REVIEW WRITTEN BY NATHAN LERNER
For Digital First Media
With Jake Gyllenhaal in the lead, “Southpaw” is the latest boxing film to hit the multiplexes.
Films about professional boxers are a well-established genre. They have a built in narrative trajectory with the potential for a climactic bout.
Boxing movies are often biopics, which are based on real-life pugilists. “Raging Bull” was inspired by Jake LaMotta and provided Robert De Niro with an Oscar-winning role. In “The Hurricane,” Denzel Washington played Rubin Carter. The film captured Carter’s battles, both inside the ring as well as with the legal system. “Ali” featured Will Smith as the eponymous heavyweight and focused on his historic Rumble in the Jungle against the seemingly invincible George Foreman. In “Cinderella Man,” Russell Crowe portrayed Depression-era prizefighter, Jimmy Braddock, who eventually won the heavyweight championship. More recently, in “The Fighter,” Mark Wahlberg provided a screen treatment of Micky Ward, a journeyman boxer, who retired, then made a big comeback.
The six films in the “Rocky” series feature Sylvester Stallone as a fictional character. However, many boxing aficionados insist that the protagonist’s similarities to Chuck Wepner are unmistakable. Apollo Creed, his nemesis in the original film, is certainly evocative of Muhammad Ali.
By contrast, “Southpaw” involves a fictional character, Billy Hope (Gyllenhaal), who has attained the junior middleweight championship. Is the protagonist’s surname sufficiently metaphorical for you?
Billy’s childhood was spent in the social welfare system. He met his childhood sweetheart, Hope (Rachel McAdams), in a group home. Now, the two are married and have a young school-aged daughter, Leila (Oona Lawrence). They live in a sprawling mansion and maintain a lavish lifestyle.
As the film opens, Billy has defended the belt for the fourth time. However, he barely ekes out a decision.
Billy’s boxing style totally
dispenses with any scintilla of defense. So, his matches devolve into all-out slugfests, As a result of all the blows to the head he has sustained, Billy is now starting to show signs of having sustained neurological damage. His concerned wife begs him to retire.
At the post-bout press conference, Billy’s subpar performance is questioned by a dubious sportswriter. Suddenly, the proceedings are interrupted by a Latino contender, Miguel Escobar (Miguel Gómez). He accuses Billy of ducking him. Why won’t Billy give him a fight? Is he afraid? Miguel’s wife, Hope, who is sitting on the dais, demands to know who this outspoken pugilist is. Excuse me, but who are you missy? Have you ever seen the spouse of a boxer participating in a press conference? I sure haven’t. This vignette is a portent of the film’s fundamental lack of verisimilitude.
On the way out of a charity fundraiser, Billy is again confronted by Escobar. The aspiring adversary resumes his needling. He accuses Billy of being a gutless coward. Will the champion succumb to the verbal taunts? When Escobar threatens to beat up Billy, then have sex with his wife, a brawl breaks out. A gun is pulled and Hope is accidentally shot to death in the resulting melee.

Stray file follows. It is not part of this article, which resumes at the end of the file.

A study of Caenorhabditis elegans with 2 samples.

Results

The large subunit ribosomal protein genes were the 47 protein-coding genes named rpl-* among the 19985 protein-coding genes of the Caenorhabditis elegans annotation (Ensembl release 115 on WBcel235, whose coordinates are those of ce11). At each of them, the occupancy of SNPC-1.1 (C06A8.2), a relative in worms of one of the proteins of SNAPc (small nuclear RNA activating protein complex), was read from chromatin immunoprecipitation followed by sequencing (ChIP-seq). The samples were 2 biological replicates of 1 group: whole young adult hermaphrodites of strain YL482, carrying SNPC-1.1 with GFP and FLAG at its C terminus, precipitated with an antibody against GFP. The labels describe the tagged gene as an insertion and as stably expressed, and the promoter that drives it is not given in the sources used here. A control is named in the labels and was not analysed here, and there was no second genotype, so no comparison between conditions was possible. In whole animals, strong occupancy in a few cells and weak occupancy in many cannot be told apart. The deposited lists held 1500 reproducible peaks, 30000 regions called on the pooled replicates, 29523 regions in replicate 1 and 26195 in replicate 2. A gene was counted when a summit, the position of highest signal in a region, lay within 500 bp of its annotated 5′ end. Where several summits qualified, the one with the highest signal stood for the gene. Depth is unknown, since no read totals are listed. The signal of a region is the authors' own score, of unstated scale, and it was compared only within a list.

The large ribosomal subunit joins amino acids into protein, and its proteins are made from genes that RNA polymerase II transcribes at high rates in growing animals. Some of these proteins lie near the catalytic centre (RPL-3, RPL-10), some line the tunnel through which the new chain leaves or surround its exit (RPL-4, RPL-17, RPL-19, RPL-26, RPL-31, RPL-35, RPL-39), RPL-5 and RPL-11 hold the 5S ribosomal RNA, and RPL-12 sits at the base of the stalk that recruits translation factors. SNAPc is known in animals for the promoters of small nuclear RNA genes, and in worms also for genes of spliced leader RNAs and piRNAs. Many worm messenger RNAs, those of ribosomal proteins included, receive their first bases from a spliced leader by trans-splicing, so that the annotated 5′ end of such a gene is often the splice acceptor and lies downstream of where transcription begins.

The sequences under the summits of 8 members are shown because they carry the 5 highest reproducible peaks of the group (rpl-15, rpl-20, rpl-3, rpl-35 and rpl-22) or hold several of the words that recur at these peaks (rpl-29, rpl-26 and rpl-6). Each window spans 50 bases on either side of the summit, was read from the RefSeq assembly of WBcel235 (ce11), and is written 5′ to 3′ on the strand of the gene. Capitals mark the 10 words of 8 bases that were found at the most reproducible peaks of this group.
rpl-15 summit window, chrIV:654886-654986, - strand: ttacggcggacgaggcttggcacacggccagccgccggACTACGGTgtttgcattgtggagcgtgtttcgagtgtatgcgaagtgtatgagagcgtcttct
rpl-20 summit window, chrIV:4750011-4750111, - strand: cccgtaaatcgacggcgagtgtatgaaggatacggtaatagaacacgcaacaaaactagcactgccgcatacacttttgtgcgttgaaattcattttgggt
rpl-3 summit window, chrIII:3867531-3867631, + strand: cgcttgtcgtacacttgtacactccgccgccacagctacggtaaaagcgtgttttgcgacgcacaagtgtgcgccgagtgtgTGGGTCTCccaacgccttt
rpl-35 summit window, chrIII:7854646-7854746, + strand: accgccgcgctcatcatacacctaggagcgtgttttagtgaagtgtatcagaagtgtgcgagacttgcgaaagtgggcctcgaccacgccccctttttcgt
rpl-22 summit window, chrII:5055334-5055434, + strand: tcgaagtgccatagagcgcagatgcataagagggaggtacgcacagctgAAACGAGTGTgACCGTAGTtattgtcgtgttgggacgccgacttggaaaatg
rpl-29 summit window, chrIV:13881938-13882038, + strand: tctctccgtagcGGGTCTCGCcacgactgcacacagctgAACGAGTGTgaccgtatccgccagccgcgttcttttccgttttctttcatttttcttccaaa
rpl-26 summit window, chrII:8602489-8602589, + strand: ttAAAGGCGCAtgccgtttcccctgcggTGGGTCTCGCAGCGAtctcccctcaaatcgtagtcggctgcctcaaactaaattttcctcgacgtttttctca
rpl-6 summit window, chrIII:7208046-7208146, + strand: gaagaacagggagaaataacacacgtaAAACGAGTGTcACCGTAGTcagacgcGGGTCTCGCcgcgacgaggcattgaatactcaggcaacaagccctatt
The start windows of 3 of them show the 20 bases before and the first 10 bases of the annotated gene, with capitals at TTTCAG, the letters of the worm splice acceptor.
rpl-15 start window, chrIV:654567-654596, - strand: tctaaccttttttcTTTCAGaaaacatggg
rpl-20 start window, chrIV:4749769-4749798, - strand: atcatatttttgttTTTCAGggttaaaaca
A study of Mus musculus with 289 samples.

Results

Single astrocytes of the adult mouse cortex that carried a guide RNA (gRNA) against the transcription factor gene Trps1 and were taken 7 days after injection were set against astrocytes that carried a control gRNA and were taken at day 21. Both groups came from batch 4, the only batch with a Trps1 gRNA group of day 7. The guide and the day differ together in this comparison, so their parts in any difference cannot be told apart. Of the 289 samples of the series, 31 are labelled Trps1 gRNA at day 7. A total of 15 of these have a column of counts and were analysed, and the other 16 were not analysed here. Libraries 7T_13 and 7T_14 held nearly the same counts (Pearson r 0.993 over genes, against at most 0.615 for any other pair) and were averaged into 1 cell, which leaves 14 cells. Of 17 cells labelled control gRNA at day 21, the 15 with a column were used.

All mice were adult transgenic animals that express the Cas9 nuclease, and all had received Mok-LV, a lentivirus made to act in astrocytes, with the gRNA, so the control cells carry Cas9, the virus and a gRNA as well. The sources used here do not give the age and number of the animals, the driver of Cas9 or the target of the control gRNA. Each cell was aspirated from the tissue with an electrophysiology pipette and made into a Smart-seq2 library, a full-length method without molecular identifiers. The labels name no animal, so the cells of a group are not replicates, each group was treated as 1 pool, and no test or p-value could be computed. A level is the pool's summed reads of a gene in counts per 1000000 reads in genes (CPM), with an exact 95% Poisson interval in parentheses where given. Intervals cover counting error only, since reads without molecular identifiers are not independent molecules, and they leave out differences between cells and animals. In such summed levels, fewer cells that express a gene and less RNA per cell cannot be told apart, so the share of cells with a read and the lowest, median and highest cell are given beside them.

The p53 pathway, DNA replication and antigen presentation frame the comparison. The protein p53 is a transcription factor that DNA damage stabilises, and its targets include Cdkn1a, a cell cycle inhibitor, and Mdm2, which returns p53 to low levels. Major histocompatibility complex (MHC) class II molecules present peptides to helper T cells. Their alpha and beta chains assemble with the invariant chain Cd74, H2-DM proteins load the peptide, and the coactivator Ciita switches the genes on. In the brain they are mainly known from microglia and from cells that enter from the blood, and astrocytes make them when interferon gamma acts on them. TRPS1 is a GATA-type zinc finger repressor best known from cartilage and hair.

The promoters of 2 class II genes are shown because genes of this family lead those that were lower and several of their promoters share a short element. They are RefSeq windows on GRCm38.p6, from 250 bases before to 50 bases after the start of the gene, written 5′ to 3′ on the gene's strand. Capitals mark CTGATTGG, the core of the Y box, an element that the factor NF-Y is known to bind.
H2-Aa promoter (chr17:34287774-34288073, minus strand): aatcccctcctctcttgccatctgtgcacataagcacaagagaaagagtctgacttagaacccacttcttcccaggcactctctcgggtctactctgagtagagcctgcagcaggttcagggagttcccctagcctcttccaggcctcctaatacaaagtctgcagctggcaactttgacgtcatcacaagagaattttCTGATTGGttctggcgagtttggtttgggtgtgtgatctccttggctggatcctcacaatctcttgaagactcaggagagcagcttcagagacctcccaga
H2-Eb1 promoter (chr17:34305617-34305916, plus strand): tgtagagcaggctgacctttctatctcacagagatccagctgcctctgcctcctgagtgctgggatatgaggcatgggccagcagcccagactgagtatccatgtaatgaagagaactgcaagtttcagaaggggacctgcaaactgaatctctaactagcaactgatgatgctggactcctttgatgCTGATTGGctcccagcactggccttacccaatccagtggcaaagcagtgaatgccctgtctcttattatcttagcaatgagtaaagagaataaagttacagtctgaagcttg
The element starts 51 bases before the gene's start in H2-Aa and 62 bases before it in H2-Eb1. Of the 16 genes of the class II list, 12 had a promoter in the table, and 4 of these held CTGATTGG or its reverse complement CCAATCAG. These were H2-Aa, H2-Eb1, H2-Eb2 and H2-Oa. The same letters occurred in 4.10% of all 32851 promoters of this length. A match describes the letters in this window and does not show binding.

Following his wife’s death, Billy has a total psychological melt-down, replete with a suicide attempt. In the wake of his self-destructive behavior, child protective services intervenes and takes custody of Leila. Consumed with depression, Billy is unable to fight anymore. As a result of his mounting debts, Billy’s creditors seize his mansion and its contents. He is evicted from the premises.
Billy is abandoned by his long-time manager, Jordan Mains (rapper, Curtis “50 Cent” Jackson). Down and out, Billy ends up living in a flea-bag dump in the Hell’s Kitchen section of New York City.
One day, Billy stumbles into a gym, run by a retired fighter, Titus “Tick” Willis (Forest Whitaker). Will Billy emerge from despair and stage a comeback under Willis’ strict supervision?
For the film, Gyllenhaal has transformed his body into a remarkably well-toned, lean, mean fighting machine. If only his acting in the film was nearly as impressive. Instead, Gyllenhaal turns in a performance that is method acting taken to the extreme. It is plagued by a litany of nervous tics and verbal stutters. The film never makes clear whether the character is mentally handicapped or has been rendered permanently punch drunk. Gyllenhaal was brilliantly original in his last role as a sociopathic cameraman in “Nightcrawler.” It makes his portrayal here particularly disappointing.
Previously, Antoine Fuqua directed the widely lauded “Training Day,” which won an Academy Award for Denzel Washington as a corrupt cop. Since then, Fuqua has helmed a series of mediocrities. This included the skein of “King Arthur,” “Olympus Has Fallen,” and “The Equalizer.” “Southpaw” marks the continued downward direction of Fuqua’s career.
Screenwriter, Kurt Sutter, makes his feature debut with this film. His résumé consists entirely of scripts for the FX series, “The Shield” and “Sons of Anarchy.” His screenplay is a hopelessly melodramatic regurgitation of hackneyed clichés from the hoary genre of boxing films.
“Southpaw” may be a boxing film, but it has no punch.
*1/2 R (for language throughout and some violence) 123 minutes. Weinstein Group
Nathan Lerner sees over 200 feature films a year. He welcomes feedback at firstname.lastname@example.org.